Your pet has been diagnosed with diabetes, which happens when the pancreas fails to produce adequate amounts of insulin, a hormone necessary for controlling blood glucose (sugar) levels. In almost all cases, diabetes is a manageable disease in cats and dogs.
Most pets show classic signs, including excessive urination, excessive thirst, strong appetite, and weight loss. High blood and urine sugar levels usually diagnose diabetes, but occasionally additional tests may be necessary to confirm the diagnosis.
Every day, you’ll need to give your pet insulin injections, watch their diet, and monitor their behavior. You will have to pay much closer attention to your pet’s needs and behavior, and you’ll need to find someone to care for your pet if you leave for an extended period of time. Our practice offers boarding services for diabetic pets.
Treating diabetes usually involves insulin injections and a special diet is beneficial for all diabetic pets. It has also been shown that a high-protein, low-carbohydrate diet helps lower blood sugar in cats. In dogs, a high fiber diet helps prevent spikes in blood sugar after eating. We’ll discuss with you diet options to best manage your pet’s diabetes.
Here are some basic tips on preparing and giving insulin injections to your pet.
- Keep insulin refrigerated at all times. It must never be frozen.
- Before withdrawing insulin for injection, gently mix it by rolling the bottle between the palms of your hands. Don’t excessively shake the bottle since this can damage the fragile insulin molecules.
- With the insulin bottle held upside down, draw up a large amount of insulin into the syringe. Tap the syringe to move any air bubbles upward and then push the excess insulin back into the vial. Stop when you reach the number of units that have been prescribed.
- Insert the needle under your pet’s skin and inject the insulin. Give your pet a treat right after an insulin shot to teach them not to fear the injections.
- Give insulin at the same time every day. Most pets receive insulin twice daily. Choose the time frame that works best for you. If you’re most likely to be home at 6 a.m. and 6 p.m., give the injections at these times. If 9 a.m. and 9 p.m. work better for you, that’s fine. As long as you’re consistent, there should be few problems.
- Don’t reuse needles. After one use, needles are no longer sterile. Also, needles become dull very quickly, and dull needles hurt when they’re inserted into the skin.
Please scroll to the bottom of the page for an insulin-injection how-to video
Without insulin, your pet can’t survive, but, too much insulin is just as deadly as too little. A potentially dangerous condition called hypoglycemia (low blood sugar) can result from an overdose of insulin. You must watch your pet carefully for signs of hypoglycemia, which include:
- lack of coordination
- acting confused
- lapsing into unconsciousness
If your pet experiences any of these signs, call us immediately (203 775 3679). While waiting for veterinary assistance, keep placing a small amount of corn syrup or honey in your pet’s mouth. The sugar from the syrup will directly enter the blood through the gums. If your pet is able to eat, offer its normal food. Seek medical attention immediately if your pet is having seizures or is not responsive.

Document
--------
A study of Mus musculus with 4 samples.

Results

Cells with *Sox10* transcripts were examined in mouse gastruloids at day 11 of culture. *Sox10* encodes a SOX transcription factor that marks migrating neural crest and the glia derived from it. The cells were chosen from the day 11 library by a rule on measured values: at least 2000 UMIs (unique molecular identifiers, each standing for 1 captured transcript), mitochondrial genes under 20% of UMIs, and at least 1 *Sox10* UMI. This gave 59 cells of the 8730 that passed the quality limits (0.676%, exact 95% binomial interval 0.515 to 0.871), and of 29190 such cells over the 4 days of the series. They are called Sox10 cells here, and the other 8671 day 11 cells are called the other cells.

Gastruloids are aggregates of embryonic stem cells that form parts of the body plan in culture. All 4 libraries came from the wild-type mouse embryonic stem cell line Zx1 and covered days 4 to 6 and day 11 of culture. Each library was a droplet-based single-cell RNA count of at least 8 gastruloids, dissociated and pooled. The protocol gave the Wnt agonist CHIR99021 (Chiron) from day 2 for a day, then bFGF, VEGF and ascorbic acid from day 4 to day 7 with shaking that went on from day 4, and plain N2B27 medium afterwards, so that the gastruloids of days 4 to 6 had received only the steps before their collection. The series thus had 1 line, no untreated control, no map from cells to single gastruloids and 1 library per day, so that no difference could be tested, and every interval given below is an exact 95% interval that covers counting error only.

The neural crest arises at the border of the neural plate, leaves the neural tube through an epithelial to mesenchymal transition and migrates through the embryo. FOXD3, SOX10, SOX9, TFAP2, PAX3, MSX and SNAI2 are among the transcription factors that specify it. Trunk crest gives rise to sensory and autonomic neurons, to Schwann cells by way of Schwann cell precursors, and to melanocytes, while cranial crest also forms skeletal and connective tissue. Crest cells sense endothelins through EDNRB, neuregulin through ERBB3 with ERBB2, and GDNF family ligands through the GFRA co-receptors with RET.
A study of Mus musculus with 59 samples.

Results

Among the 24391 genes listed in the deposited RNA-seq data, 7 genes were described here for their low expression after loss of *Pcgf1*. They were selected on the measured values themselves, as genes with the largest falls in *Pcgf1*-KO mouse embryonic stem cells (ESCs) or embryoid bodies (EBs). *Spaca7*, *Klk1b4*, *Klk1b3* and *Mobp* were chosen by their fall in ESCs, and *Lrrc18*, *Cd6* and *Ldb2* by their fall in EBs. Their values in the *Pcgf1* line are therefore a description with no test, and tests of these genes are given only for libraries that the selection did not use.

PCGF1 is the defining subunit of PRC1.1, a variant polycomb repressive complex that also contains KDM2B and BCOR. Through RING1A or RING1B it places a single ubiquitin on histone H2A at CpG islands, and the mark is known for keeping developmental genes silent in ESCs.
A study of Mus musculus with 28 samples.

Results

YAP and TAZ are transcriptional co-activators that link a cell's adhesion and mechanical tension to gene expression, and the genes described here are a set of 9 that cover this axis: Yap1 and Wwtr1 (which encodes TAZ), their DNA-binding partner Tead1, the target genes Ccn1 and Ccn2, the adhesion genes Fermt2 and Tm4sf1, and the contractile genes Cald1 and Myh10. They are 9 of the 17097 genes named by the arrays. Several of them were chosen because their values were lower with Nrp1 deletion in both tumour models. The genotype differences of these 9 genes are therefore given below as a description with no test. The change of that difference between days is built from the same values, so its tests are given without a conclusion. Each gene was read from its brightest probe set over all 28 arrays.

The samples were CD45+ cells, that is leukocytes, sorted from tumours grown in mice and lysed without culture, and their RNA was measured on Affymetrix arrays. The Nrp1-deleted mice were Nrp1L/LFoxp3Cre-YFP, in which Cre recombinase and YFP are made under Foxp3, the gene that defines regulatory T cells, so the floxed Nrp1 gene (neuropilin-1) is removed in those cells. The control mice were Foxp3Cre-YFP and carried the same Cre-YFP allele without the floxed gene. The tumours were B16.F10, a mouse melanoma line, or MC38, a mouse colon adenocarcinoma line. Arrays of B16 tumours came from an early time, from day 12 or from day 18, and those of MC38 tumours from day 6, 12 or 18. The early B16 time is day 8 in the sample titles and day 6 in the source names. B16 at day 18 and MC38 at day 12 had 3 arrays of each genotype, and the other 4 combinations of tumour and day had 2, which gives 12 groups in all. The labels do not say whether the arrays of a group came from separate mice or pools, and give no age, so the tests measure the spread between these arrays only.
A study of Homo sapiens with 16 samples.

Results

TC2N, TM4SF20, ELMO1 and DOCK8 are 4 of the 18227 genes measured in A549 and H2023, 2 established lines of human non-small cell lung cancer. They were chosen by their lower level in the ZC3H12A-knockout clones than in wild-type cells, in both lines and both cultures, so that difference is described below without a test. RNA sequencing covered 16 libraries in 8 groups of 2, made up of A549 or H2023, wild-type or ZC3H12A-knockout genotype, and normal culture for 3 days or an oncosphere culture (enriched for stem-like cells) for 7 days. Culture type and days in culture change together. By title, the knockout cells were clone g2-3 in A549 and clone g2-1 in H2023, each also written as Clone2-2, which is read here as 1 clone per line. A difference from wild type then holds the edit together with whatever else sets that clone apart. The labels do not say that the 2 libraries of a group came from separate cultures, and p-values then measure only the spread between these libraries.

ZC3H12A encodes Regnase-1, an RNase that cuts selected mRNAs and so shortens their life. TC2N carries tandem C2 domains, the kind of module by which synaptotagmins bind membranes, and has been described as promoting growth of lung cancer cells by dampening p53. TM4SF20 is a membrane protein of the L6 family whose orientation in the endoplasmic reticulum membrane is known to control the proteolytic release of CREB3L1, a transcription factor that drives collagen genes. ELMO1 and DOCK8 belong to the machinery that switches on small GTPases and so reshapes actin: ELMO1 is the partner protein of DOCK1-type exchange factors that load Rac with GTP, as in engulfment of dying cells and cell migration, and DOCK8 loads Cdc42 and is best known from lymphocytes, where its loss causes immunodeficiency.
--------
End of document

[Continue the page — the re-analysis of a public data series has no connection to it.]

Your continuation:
Guard Against Overdoses of Insulin
Overdoses can happen with an incorrect dose or a duplicated dose because one family member didn’t know another family member already had already given an injection. If more than one person is handling a diabetic pet, good communication between family members is essential to avoid this situation. Sometimes it can be difficult to tell if the injection went beneath the skin or merely into the hair. If, after you administer the injection, you are not sure the insulin went under the skin, it’s safest to skip that dose and proceed normally at the next scheduled injection time. Occasionally giving too little insulin is much less dangerous than giving too much.
There may be occasions where your pet’s diabetes is uncontrolled, or when other illnesses arise. Although most diabetics remain reasonably healthy, some can develop a condition called ketoacidosis, in which the animal becomes extremely depressed with signs such as vomiting, diarrhea, loss of appetite, dehydration, and coma. Ketoacidosis is a potentially life-threatening emergency, and any diabetic with these clinical signs should be evaluated by a veterinarian immediately. Diabetics are also more prone to infections, with kidney, bladder, and oral infections being most common.
Most diabetic dogs eventually develop cataracts. Although usually rapid in onset, some dogs that are well controlled have a slower progression of cataract formation. There are surgical procedures available to remove the cataracts from the lenses and restore your pet’s vision. If you are interested in pursuing this, we can refer you to an ophthalmologist that can assist in assessing if your dog is a good candidate for the procedure. Cats diagnosed with diabetes generally do not develop cataracts.
Overall, the prognosis for diabetic pets is good. Animals do not typically suffer many of the other problems that human diabetics experience. Diabetes is a treatable condition and your pet can live a normal, happy, healthy life.